For the next work in this year’s nature-inspired Lent Series, i’m returning to the world of birds. Japanese composer Akira Nishimura‘s 1993 orchestral work Bird Heterophony takes its inspiration, in part at least, from a folk tale from Papua New Guinea, in which a young woman witnesses her brother transformed into a bird. That’s the official starting point for the piece, but the concept of heterophony has been a recurring interest of Nishimura’s throughout his career. Heterophony is conventionally defined as a situation where a primary idea – usually melodic – is heard simultaneously with one or more varied or elaborated versions of it. Nishimura’s first exploration of this was as early as 1975 in his string quartet Heterophony. Melody wasn’t the primary guiding force for the heterophony in that piece; rather, there was an abundance of intimacy, in which the four parts were essentially inseparable in terms of material and behaviour. They started, moved, and paused together, held back and let loose together, always acting in complete sympathy with one another, and while it was often clear that their individual lines were variants, there was little sense of any of them being dominant.
The same can’t quite be said of his second exploration of this idea, Heterophony of Two Pianos and Orchestra, composed in 1987. This time, in the first of its three movements there’s a very clear sense of ideas originating at the core of the music, where the pianos create a kind of tremulous energy, radiated outwards in all directions by the orchestra. The effect is mesmerising, though becomes reduced somewhat in the more nebulous impressionism and rather bland, faux-romanticism of the other two movements. That being said, the main strength and the most memorable aspect of Heterophony of Two Pianos and Orchestra is its overflowing, almost overblown levels of energy. Anyone expecting music in the vein of Takemitsu would have found this piece a jarring, jaw-dropping experience, Nishimura allowing the textures to grow to hugely complex levels of quasi-chaotic overload. (Both of these earlier works have been released on CD but are now sadly out of print.)
Since then Nishimura’s output has seen many related works: Iris of Time (Heterophony for Seven Kotos and Three Jyushichigen-Kotos) and Gaka I-IV both date from 1987, the latter bearing the rather wonderful subtitles, “Concrete of Heterophony”, “Abstraction of Heterophony”, “Generalize of Heterophony” and “Heterophony on Drone”. Fugaku (Heterophony for Wind Orchestra and Percussion) was composed in 1990, and in more recent years there have been the Heterophony for Japanese Instruments (2010) and the orchestral work Heterophony on the Name of Shin’ichirō Ikebe (2013).
In the midst of all these was Bird Heterophony, composed in 1993. While Nishimura name-checks the aforementioned folklore, i’m minded to pooh-pooh those extra-musical associations. The way Nishimura uses the orchestra in the work (and also, to an extent, in Heterophony of Two Pianos, and in microcosm in the quartet) can easily be thought of as avian, inasmuch as the players exhibit a whole host of flock-like behaviours. And this is why i find the folk tale association tenuous, as it’s so much easier to hear Bird Heterophony as concerning not just one but a myriad birds in ever-changing formations that don’t correspond to a clear underlying narrative.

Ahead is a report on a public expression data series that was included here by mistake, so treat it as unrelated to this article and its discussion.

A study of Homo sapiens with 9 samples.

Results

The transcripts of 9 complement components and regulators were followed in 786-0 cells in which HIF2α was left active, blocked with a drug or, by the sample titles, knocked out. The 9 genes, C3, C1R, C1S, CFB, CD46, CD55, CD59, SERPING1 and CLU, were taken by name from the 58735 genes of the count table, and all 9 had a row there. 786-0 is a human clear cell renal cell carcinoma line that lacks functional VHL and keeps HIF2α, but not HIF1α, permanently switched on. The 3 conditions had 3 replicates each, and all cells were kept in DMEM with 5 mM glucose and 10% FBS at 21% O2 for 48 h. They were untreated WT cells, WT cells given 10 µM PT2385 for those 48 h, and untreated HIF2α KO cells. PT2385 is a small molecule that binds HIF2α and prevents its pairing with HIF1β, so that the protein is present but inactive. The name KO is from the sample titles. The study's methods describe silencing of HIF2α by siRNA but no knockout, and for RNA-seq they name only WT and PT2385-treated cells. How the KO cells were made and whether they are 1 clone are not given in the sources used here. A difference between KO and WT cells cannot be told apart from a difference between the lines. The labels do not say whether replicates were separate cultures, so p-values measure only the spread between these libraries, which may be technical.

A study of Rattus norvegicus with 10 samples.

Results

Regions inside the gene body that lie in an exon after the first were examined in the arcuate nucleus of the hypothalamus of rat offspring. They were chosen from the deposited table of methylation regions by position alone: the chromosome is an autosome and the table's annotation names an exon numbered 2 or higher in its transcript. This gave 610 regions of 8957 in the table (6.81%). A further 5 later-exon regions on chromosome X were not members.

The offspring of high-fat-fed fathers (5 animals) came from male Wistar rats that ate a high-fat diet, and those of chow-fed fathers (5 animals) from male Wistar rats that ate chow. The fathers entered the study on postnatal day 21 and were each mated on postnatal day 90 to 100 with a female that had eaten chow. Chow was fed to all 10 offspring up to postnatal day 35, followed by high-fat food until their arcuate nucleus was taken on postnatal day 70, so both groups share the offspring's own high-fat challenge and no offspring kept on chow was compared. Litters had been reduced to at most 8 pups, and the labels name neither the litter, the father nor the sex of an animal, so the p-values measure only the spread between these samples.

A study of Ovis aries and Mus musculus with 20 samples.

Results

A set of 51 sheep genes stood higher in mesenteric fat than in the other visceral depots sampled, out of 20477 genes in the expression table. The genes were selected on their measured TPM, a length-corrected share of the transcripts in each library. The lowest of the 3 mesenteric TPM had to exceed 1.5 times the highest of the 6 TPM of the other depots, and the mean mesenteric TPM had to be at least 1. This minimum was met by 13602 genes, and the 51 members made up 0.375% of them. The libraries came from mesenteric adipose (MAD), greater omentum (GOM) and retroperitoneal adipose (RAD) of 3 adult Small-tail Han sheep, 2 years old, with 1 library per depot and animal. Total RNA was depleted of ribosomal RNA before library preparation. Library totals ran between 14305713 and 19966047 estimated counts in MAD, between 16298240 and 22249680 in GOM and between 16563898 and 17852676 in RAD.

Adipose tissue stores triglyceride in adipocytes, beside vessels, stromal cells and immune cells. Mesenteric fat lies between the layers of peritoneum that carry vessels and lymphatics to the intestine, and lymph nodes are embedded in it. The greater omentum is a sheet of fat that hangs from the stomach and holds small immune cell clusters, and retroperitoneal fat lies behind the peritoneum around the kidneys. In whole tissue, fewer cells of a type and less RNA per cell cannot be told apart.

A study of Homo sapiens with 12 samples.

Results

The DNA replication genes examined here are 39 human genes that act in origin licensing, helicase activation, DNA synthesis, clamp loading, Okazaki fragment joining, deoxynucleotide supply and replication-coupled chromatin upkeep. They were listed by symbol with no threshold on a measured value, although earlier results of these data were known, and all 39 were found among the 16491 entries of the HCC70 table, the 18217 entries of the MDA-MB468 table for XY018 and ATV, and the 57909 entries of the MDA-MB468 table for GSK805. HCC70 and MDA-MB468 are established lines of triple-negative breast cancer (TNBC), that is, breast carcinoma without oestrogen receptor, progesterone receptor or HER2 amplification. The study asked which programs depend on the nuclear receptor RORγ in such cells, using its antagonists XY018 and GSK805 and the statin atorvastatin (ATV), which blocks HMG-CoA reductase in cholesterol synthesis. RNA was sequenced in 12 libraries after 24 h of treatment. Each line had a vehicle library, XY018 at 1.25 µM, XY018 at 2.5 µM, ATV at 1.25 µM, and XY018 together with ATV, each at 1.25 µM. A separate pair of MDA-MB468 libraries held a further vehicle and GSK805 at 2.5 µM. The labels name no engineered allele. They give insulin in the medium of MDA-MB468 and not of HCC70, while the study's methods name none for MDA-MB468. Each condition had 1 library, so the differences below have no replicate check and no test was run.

To that end, therefore, the clearest way to interpret Nishimura’s approach to heterophony is to think of it as being not primarily melodic but behavioural. Building on the similarities in the earlier two works, throughout Bird Heterophony the instruments cluster around single, central behavioural modes of action: dense clouds of ricochets; regular pulsing accents (with hints of ‘calls’ emerging from them); slip-sliding trills and tremolandi; spare, suspended lines of pitch; fuzzy clouds of turbulence. By describing them in such pithy ways i’m not seeking in any way to simplify them or diminish their impact. Quite the opposite is true: what draws me back to Bird Heterophony again and again is the skillful way Nishimura navigates between the behaviourally discrete episodes that make up the piece, sometimes through one set of actions yielding to another, more often through abrupt, contrasting shifts. It sets up an environment where seemingly anything can happen, a spontaneity in which unity is maintained through the communal identity of the orchestra, where a single idea is usually shared and individualised by everyone at once.
Yet no one player takes precedence here; there’s never an obvious ‘source’ responsible for instigating the work’s twisting narrative. It’s an obvious parallel, but it’s no different from the hypnotic action in a murmuration of starlings, demonstrating an uncanny shared intelligence in which the specifics of how and why the flock moves as they do remain a mystery. Veering between hectic bursts of minimalistic obsession, playful hocketed ideas thrown around with real abandon, dreamy passages of hovering float, and chase sequences scrambling through octaves at lightning speed, the narrative at the heart of Bird Heterophony is just as inscrutable – and exhilarating.
The first UK performance of Bird Heterophony was given by the BBC Symphony Orchestra conducted by Kazushi Ono at the Barbican in London, as part of its 2013 Total Immersion ‘Sounds of Japan’ day.